Fresh figures published Thursday show consumers in provinces east of Ontario have ratcheted up debt loads this year, even if they’re among the least able to afford the added burden.
Meanwhile across the country in more economically prosperous British Columbia and Alberta, consumers appear to be dialing back.
“You can see big increases in the east,” said Regina Malina, a statistician and lead author of a quarterly snapshot of consumer debt from Equifax.
Credit monitoring agency Equifax says the amount borrowed on credit cards, bank loans and other forms of credit excluding mortgages rose by an average of 4.1 per cent across Quebec, P.E.I., New Brunswick, Nova Scotia and Newfoundland.
That’s nearly double the national average, Equifax said, and perhaps highlights a greater reliance on tapping debt to make ends meet in areas of the country where economic growth has been sluggish and a the jobless rate high.
“There’s higher unemployment, so perhaps people are more in need [of credit],” the Equifax analyst said. “The financial products are there… so they may be [taking on debt] because they need it.”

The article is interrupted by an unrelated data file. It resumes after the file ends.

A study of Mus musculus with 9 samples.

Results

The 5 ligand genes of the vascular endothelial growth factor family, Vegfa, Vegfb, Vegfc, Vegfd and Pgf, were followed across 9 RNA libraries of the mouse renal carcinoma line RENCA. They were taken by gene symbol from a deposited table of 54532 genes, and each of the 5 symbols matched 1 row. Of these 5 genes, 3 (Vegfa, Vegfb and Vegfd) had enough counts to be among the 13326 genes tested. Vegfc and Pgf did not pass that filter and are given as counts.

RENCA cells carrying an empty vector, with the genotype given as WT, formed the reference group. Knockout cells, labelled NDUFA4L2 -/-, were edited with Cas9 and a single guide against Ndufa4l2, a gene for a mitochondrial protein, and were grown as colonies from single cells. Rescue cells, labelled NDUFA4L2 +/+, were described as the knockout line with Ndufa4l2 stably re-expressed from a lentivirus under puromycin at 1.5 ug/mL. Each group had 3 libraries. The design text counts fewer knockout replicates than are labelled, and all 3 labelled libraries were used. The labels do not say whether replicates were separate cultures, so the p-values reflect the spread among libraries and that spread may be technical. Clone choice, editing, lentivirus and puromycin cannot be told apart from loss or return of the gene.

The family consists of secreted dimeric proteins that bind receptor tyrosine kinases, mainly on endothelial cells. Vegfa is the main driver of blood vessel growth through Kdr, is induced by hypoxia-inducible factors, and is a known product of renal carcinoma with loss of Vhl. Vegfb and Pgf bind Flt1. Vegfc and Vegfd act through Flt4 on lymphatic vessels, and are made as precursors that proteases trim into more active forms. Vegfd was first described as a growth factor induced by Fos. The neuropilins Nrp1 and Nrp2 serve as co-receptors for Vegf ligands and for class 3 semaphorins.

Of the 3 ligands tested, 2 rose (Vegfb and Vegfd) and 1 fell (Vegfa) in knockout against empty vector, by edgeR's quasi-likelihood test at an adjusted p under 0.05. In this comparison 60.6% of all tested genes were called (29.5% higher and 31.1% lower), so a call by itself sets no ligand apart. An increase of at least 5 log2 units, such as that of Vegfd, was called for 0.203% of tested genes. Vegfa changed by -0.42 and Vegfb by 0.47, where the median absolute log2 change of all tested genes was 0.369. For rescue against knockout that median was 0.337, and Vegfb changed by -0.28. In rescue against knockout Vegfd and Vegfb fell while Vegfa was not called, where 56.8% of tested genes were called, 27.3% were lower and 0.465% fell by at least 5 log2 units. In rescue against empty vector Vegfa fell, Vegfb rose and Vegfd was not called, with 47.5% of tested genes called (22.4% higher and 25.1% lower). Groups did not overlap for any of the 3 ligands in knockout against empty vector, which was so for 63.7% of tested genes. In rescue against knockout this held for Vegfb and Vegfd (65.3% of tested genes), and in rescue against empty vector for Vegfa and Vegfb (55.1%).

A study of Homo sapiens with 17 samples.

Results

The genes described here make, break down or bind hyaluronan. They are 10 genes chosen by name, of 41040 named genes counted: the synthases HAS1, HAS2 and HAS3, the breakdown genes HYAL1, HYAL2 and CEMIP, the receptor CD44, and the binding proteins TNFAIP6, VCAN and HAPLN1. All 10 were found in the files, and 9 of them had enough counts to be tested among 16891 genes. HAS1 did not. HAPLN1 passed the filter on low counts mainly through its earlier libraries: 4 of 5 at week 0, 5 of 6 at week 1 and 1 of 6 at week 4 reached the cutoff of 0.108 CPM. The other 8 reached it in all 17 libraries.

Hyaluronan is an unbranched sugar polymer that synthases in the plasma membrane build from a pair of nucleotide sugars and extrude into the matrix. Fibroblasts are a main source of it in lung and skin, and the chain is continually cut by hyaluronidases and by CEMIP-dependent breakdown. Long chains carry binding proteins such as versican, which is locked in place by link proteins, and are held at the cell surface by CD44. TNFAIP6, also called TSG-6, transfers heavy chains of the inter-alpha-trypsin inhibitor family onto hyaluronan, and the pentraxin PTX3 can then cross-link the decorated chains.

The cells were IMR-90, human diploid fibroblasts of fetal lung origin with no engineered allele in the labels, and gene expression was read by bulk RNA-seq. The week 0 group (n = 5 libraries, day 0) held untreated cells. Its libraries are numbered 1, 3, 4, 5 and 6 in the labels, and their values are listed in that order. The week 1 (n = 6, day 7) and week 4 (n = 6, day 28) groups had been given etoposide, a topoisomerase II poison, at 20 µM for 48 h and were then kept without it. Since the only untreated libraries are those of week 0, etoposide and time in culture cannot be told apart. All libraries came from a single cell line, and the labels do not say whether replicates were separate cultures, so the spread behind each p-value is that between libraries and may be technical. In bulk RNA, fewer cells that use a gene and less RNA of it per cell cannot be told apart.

Average debt loads grew the quickest in Nova Scotia in the second quarter, a three-month stretch that runs from the spring into early summer. Consumer debts rose an average of 4.49 per cent, to $20,514 in the province of 950,000.
Lower than national average
Despite the higher growth rates, consumers east of Ontario owe less on average than borrowers in Ontario and provinces further west.
Ontarians increased their obligations by more than 2.5 per cent in the second quarter compared to the same period a year ago, to $20,385.
Despite seeing no material rise in average debt loads, Alberta – whose economy has roared compared to the rest of the country in recent years – boasts the biggest average debt burden per consumer at $27,335.
Record debt burdens
Though experts say the pace of debt growth has been slowing in recent quarters, the amount being shouldered by Canadian consumers and households remains worryingly elevated at near-record levels.
Experts, including the Bank of Canada, have cited towering debt levels as the chief internal risk to the Canadian economy.
Equifax said Thursday “significant” increases in the use of bank lines of credit (up 10.8 per cent) and credit cards (up 4.4 per cent) in the second quarter reversed a lull in borrowing at the start of 2014.
“Consumer debt has increased again after slowing down earlier in the year,” the credit monitoring agency said.